This is the first of two columns that are intended to be a helpful resource for conference organizers as they develop their attendee succession-plan strategy. While every association and profession has its unique issues, I’ve picked up on a few key indicators/principles that apply to the majority. For organizational and product sustainability, you must:
1. Own the mid-career professional demographic. These are usually the most active practitioners who are 10 to 20 years into their career. While it’s helpful to plot attendance by age, years in the profession is likely a better indicator for sustainability.
2. Understand that labels and actions matter. Instead of using terms like “young professional” or “beginner,” consider “early-career” or “future leader.” Next-generation audiences want community, not judgment; conversation, not doctrine; activity, not bureaucracy; and participation, not dictation. Transparency and trust are the future currencies for engagement.
3. Have leadership that is present. Don’t schedule committee, board, or invitation-only events during your main program. Hierarchy, cliques, and exclusivity are turn-offs for future attendees.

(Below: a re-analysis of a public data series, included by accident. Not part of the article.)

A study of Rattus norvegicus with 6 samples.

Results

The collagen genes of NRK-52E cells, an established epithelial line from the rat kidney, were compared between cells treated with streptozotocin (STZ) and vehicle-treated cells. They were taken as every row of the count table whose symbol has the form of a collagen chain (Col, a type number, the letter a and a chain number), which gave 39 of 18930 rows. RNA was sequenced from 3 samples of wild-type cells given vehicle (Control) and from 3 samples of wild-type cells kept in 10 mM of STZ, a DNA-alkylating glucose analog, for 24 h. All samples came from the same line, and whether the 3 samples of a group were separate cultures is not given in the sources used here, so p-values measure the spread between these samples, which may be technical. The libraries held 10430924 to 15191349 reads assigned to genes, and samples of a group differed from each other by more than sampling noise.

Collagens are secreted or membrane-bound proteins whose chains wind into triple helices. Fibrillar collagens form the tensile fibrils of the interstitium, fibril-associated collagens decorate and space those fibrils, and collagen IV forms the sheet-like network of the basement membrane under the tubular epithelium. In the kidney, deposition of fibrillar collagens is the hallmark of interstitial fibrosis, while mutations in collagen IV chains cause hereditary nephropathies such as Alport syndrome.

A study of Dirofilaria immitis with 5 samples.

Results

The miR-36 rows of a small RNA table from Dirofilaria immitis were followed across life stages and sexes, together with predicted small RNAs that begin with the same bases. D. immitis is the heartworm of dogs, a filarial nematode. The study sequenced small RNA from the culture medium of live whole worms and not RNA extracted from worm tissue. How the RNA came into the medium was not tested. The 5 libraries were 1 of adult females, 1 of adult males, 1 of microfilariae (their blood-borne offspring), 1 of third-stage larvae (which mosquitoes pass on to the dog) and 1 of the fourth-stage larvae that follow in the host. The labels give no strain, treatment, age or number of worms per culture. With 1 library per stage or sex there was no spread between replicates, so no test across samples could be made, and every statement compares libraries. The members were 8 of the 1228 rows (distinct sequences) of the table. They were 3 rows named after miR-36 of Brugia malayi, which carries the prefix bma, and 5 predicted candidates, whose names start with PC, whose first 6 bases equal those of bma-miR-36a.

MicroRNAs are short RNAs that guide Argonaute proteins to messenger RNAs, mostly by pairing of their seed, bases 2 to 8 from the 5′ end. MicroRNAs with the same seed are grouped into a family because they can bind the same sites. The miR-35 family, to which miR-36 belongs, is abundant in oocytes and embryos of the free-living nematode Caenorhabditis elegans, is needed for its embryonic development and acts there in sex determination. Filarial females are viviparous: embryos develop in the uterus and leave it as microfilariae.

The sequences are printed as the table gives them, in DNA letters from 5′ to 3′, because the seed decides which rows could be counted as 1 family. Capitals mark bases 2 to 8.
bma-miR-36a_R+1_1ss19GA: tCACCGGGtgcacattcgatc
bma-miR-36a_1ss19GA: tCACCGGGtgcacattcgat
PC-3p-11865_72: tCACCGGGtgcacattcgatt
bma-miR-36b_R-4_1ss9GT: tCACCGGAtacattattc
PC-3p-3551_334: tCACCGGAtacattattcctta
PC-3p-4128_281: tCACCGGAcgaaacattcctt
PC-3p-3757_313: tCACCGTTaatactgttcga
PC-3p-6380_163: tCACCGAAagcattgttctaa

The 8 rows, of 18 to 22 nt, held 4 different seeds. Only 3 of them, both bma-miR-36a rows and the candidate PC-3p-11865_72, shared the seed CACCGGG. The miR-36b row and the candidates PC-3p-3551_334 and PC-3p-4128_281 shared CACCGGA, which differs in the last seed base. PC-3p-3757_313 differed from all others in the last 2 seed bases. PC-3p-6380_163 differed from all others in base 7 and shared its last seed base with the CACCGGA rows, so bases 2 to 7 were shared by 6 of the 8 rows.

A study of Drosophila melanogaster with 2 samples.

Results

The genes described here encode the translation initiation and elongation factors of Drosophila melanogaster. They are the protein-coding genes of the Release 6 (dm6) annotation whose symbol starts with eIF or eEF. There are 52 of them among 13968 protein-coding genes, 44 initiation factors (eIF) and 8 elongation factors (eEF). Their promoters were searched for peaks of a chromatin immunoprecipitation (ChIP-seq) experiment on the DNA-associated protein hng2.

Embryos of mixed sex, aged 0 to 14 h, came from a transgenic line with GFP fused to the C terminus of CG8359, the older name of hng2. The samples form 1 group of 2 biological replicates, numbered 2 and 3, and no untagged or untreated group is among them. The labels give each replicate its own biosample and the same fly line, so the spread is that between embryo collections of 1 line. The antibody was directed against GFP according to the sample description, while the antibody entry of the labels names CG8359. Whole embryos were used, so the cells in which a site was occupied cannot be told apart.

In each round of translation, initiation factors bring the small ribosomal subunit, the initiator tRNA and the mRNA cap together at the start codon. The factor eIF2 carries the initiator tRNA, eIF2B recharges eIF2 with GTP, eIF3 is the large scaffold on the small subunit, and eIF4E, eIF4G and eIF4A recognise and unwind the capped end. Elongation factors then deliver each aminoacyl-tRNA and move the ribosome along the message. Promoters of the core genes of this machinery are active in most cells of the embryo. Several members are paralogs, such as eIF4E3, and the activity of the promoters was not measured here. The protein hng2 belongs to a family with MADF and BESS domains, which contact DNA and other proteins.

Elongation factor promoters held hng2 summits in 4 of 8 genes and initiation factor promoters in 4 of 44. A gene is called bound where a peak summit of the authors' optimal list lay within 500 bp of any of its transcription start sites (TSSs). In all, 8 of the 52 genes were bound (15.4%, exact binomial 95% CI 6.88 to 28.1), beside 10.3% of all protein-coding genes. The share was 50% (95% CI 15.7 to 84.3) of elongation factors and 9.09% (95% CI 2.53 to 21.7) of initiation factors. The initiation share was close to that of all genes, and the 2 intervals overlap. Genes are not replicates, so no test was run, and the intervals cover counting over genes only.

4. Avoid putting people into boxes. Segmenting by age — like “Millennials” — can be divisive. Instead, consider mapping out societal trends and behaviors that are rapidly changing the world. It’s not just Millennials who are changing, most of us are — and it turns out most of us like what they like.
As you reimagine your conference for future audiences, there are four areas you need to consider: engagement and community strategy, learning experience design (LXD), user experience design (UXD), and purpose and passion alignment. We’ll cover the first one here and the next three in December.
When it comes to engagement and community strategy, some top approaches have included:
A seat at the table This usually involves placing a Millennial or two on a board or committee, or assembling a special task force. This can be extremely effective when voices are heard and action follows.
Get ’em while they’re young Some associations o er free or discounted registration to students or early-career professionals. We’ve found that this strategy has a poor conversion rate for future attendance. You need to get ’em young, but betting big on your premium conferences is unlikely to pay o as well as other forms of engagement.
Mentor programs These can be extremely effective when mentors go out of their way to help new attendees. Well-intentioned, connected mentors can do wonders for two or three early-career practitioners. Don’t worry about doing this for supplier attendees.
CROWDSOURCING AND MICRO-VOLUNTEERING Co-creation and participation are growing in value. The call for proposals will be replaced with a call for ideas. Peer review and committee decisions will be improved with more active engagement from conference participants. Opportunities for micro-volunteering will accelerate loyalty.
For more, read “3 Workforce Mega-Trends for 2017” at convn.org/lutz-megatrends.